I agree! That's why I moved to a C***** gym--Not trying to plug a particular gym but at the one I attend they seem to work with an older group of women. We help one another out--and up off the floor if necessary--and no machines need to be reset each time.
I have also found myself pulling the price tags off lower shelves in stores so I can see the price. Unfortunately, I still have to just about put my nose on the glass of the fish counter to see how much it is per pound!
You bring up some really good points. So what do we do? I'm now in the "boomer" group and while I'm not suffering from arthritis or similar, I do see a value in improving the design and overall useability of gym equipment because there is a need and there will be a need for me soon enough. I think Nissan is really onto something with their 'aging suit.' My hunch is designers are designing for only young and healthy folks who have more disposable income to purchase and use this equipment. My question is, what do we do? How can we act collectively and proactively to see your ideas move forward?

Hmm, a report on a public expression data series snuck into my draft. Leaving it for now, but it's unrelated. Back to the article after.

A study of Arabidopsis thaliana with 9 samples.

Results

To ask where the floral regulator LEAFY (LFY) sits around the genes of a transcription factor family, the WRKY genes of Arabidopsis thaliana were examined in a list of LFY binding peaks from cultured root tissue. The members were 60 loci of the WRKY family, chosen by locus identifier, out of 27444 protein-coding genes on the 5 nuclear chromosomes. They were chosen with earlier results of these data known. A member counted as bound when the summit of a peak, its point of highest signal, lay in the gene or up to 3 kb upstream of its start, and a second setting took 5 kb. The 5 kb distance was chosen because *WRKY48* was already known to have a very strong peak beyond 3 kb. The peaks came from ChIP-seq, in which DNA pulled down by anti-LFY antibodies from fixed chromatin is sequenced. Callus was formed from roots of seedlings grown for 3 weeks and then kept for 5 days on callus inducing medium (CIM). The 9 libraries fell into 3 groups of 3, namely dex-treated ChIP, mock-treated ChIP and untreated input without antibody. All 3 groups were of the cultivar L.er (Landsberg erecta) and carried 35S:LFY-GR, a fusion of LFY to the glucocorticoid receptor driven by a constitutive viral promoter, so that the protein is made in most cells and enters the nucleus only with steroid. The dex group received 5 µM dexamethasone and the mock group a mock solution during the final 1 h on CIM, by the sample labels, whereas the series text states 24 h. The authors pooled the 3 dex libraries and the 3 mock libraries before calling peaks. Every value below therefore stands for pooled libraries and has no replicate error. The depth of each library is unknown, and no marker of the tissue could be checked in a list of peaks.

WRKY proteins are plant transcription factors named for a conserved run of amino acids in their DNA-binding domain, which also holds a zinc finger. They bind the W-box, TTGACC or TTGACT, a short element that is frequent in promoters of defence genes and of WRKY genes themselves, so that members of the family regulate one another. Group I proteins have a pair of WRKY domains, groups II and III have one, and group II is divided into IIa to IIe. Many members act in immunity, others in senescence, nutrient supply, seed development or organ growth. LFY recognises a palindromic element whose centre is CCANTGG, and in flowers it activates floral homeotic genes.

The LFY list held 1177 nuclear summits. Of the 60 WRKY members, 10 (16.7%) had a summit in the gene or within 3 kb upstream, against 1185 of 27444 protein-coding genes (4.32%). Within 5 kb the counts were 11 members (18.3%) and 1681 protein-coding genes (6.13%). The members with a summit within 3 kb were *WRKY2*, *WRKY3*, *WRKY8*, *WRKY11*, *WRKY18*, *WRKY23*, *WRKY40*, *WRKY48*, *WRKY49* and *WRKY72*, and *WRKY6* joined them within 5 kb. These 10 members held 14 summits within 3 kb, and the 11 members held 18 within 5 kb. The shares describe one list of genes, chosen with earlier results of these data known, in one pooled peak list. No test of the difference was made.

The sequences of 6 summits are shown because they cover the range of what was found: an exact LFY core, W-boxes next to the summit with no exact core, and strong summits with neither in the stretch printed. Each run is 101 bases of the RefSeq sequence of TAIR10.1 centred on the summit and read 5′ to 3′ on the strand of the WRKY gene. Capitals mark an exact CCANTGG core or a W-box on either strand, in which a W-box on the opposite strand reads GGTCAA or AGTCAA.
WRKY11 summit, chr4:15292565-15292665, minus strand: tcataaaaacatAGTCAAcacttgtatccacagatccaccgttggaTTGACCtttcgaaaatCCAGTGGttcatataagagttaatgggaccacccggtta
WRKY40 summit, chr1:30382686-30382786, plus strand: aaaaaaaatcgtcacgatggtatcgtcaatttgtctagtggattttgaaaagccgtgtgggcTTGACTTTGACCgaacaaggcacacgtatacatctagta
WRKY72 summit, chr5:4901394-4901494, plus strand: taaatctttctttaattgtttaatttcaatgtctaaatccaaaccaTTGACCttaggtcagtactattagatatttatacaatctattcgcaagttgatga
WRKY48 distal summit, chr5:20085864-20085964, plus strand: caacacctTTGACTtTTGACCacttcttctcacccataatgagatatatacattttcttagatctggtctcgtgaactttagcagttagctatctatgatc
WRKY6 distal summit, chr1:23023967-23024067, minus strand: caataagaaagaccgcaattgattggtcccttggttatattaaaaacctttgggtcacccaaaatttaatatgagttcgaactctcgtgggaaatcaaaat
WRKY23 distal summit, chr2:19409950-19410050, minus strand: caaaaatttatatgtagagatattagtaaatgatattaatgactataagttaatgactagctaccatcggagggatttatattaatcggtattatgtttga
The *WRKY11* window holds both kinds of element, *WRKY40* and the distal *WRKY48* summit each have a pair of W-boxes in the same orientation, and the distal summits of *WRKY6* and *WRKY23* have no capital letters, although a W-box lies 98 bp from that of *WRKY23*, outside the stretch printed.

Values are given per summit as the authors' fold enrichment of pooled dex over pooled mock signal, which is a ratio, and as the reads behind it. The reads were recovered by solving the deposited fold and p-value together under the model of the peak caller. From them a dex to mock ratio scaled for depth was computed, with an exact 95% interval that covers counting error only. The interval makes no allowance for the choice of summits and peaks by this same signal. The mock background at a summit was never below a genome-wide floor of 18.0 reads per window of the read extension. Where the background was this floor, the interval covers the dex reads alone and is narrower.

Thank you for addressing this, it's something I never would have thought of but again, these are very good and valuable points. Now let's see what we can do about it...
Good questions, Lisa!
For me, the obvious first step in creating collective change involves awareness. Nothing changes unless people identify a need for change and make the argument(s) for it in public spaces where others can listen, refine or expand the arguments, and discuss ways to move forward. Speak up! Speak out! Join in!
In many instances, the market itself will spark a radical design innovation. If many people can't use or don't like your product, social media will gear up its complaint network. Your product won't sell, and your young engineers will be forced back to their drawing boards, perhaps remembering to test their new models on the disgruntled populations.
I plan to write more about the need for design changes throughout our social/economic/political fabric, not only to accomodate our aging population, but also to address problems in broad arenas such as professional healthcare, the food system, environmental conservation, workplace flexibility, and teaching/learning.